Personally only owning a snake I am on the side of frozen thawed feeders but I have heard that is a necessity for people who own lizards and other animals as such they need live feeders because of the fact that it’s movement. I don’t know because I don’t know lizards but why can’t lizards eat frozen thawed mice/rats like my snake does and then you can feed live insect feeders? I feel like there’s such tension on both sides of this fence I’m just hoping to resolve some of the misunderstandings, I just want to know everyone’s opinion.
Comes down to being prepared and be willing to feed what works, for the animal and do it safely and make it convinient as well. It’s about educating people on feeding not scaring the with pictures that do not reflect the reality of responsible feeding etc.
To me it will depends on life stages, species, managing feeder stocks (I breed my own) etc
Over the years I am pretty sure I have fed well over 50K of live rodent and likely as many F/T
I know I had to tell my mom that their was a chance that Kai might never take FT mice/rats. That was almost a deal breaker for my mom. It sucks that snakes have to eat pray items, but that is part of owning and caring for them.
Yes it does suck. Personally I love both snakes and rodents. I always prefer to feed a humanely euthanized prey item - but like you said, sometimes feeding live is necessary for the sake of the animal we’ve chosen to care for. To answer your other question - a lot of lizards that are capable of eating rodents will accept frozen food. I think a lot of monitor keepers follow that practice and would agree with it. Morals aside the biggest reason not to feed live is to prevent the chance your reptile is injured.
My ankle monitor will eat the occasional FT pinkie, both my huge male African Bull frog and my Parkman frog will take FT. My tegu will also (Tegu is a fish,meat,insect,fruit garbage disposable)
Just want to chime in that it’s important to make sure you’re feeding species-appropriate prey items. There is another recent thread that also drives into the topic.
I have leopard geckos that were fed nothing but F/T pinkie mice for a few years out of genuine ignorance. I’m extremely ashamed of that; I was very misguided by an uncaring exotics. Though that wasn’t recent, they are now showing signs common in amphibians they have a diet too high in fat (corneal lipidosis, clefts of cholesterol in the reproductive and neuro tracts, etc.- ‘xanthomatosis’). I have had to euthanize 4 geckos that developed vestibular and neuro signs that reduced their quality of life below an acceptable level. I have necropsies performed on all my geckos that pass away, and the xanthomatosis is thought to have possibly played a role in a few additional deaths.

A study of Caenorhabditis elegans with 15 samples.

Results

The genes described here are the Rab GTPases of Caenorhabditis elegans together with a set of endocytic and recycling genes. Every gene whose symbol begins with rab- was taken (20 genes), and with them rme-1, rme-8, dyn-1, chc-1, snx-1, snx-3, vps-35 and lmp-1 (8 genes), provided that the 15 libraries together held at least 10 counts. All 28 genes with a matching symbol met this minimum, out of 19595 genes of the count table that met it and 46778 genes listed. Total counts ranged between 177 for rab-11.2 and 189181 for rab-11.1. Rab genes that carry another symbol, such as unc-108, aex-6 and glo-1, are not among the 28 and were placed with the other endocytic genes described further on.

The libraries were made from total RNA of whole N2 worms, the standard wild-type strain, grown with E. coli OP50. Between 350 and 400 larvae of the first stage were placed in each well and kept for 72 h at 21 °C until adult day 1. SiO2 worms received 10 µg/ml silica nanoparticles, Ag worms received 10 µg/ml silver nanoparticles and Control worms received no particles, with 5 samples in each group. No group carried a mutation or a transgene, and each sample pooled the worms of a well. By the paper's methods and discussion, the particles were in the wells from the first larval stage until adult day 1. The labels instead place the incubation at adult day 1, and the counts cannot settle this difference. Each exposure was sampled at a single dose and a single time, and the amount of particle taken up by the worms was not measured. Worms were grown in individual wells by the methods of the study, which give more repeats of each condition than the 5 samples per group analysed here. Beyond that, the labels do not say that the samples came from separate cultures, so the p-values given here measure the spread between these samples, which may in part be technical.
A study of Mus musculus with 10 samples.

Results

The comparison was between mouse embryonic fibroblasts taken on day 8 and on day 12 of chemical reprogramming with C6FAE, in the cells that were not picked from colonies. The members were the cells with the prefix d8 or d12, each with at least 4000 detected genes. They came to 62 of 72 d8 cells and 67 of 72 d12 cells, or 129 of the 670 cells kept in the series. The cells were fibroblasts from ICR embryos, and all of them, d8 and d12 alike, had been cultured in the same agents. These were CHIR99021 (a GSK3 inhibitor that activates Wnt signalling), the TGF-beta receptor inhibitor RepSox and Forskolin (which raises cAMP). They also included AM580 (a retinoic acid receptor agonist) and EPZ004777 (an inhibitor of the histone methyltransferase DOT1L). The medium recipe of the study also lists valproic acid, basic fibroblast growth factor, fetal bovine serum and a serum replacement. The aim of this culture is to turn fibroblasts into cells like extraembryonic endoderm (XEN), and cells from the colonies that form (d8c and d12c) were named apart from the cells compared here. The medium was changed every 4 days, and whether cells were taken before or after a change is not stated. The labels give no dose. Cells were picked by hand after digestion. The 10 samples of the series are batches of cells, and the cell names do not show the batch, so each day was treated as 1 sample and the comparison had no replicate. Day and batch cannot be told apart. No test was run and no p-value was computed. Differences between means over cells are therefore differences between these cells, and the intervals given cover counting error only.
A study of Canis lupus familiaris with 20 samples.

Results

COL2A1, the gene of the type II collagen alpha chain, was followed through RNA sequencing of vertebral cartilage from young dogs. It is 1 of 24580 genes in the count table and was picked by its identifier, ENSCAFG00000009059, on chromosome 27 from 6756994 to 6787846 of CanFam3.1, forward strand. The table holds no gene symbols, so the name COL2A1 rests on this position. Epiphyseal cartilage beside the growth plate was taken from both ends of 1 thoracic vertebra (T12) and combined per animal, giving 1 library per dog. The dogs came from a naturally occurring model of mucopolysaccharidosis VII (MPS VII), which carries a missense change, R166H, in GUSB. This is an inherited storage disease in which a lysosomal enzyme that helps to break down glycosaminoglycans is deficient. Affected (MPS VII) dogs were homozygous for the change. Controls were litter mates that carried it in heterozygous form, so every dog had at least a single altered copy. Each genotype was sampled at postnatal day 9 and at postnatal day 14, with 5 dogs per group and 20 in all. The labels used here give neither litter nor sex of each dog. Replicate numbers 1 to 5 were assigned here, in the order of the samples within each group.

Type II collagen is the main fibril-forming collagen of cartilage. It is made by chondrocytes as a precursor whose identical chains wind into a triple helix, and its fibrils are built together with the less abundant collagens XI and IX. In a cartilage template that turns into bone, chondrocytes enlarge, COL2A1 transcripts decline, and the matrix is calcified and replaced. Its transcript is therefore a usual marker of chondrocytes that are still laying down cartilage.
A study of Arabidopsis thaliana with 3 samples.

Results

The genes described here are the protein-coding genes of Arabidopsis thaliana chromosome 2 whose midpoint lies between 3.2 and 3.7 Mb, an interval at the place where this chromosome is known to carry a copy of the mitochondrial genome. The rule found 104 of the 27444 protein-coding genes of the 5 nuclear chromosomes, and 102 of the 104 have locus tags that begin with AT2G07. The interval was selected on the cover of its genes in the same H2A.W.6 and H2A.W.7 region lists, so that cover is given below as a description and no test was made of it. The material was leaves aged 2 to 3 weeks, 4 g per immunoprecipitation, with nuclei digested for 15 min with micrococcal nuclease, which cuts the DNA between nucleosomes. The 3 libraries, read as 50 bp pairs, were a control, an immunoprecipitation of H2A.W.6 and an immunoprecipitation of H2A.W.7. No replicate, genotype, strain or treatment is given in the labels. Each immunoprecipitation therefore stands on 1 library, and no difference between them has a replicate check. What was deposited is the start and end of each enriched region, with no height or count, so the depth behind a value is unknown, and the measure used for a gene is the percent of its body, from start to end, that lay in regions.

Two of my geckos, Pablo and Impi, have developed glaucoma as a result (Pablo in one eye and Impi in both). Pablo’s eye recently ruptured and Ive had to fight tooth and nail to get her veterinary attention and get someone qualified to perform the enucleation. (Don’t worry- everything is finally under control.)
I’m sharing this story, of which i am profoundly ashamed, because it’s an example close to my heart of lizards being fed inappropriate prey items. Please learn from it as I did, I want to tell as many people as will listen so their deaths weren’t for nothing.
@mblaney I always wondered about this,. If it was just too taboo and most leopard owners were unaware or if it was just an old practice. I guess I could speculate on, in the wild that if a mature leopard came across a small field mouse or recently dead field mouse or something similar they might eat it or have a go at it anyway. Could there be any benefits to something like this? (As a treat or as a good once a year type deal). I feed my leopards every appropriate insect I can get my hands on. If that’s even good I don’t know. *I don’t mean to be ignorant of your hardships either.
I haven’t looked into it that much either, and I’m grateful to @mblaney for sharing her experience so that we can learn from it. But I’ve heard the most common practice of feeding leos pinkies is to females shortly after laying for one or two meals to help them bulk their fat stores back up. I don’t see any other reason to do it, but I only have the one male that gets fat enough on his insect diet.
I did it because I was misinformed. At the time I was looking for a healthy alternative to mealworms that wasn’t crickets. I’d been unable to find silkworms for awhile, didn’t know the nutrient content of hornworms (they were newly available), and BSFL weren’t around at all. I was a veterinary assistant at the time, and I asked their exotics vet, and he said pinkies were ideal. He said to avoid hornworms. Moron.
Years later, he failed to submit any neural tissue or even grossly examine the brain of the first affected leo of mine. I put it together myself, much later, when I was suspicious and had my veterinary school perform the next necropsy. I’d go after their original exotics vet’s license if I had any proof, but all I have is that he charged me for a necropsy with histopath, but failed to submit any part of the central or even peripheral nervous system for a patient with neuro signs. I wouldn’t even know that he hadn’t sent any in if I hadn’t asked him directly. At most he’d get a slap on the wrist, whereas I’d probably get a LOT of negative attention, as another vet.
Leopard geckos aren’t detrivores and generally will not eat anything that’s not moving. The pinkies fed were F/T but I don’t recommend doing that ever. I can’t imagine wild leos would have any rodent component in their diet, as pinkies generally come with a mama mouse that could easily kill a leo eyeballing her brood.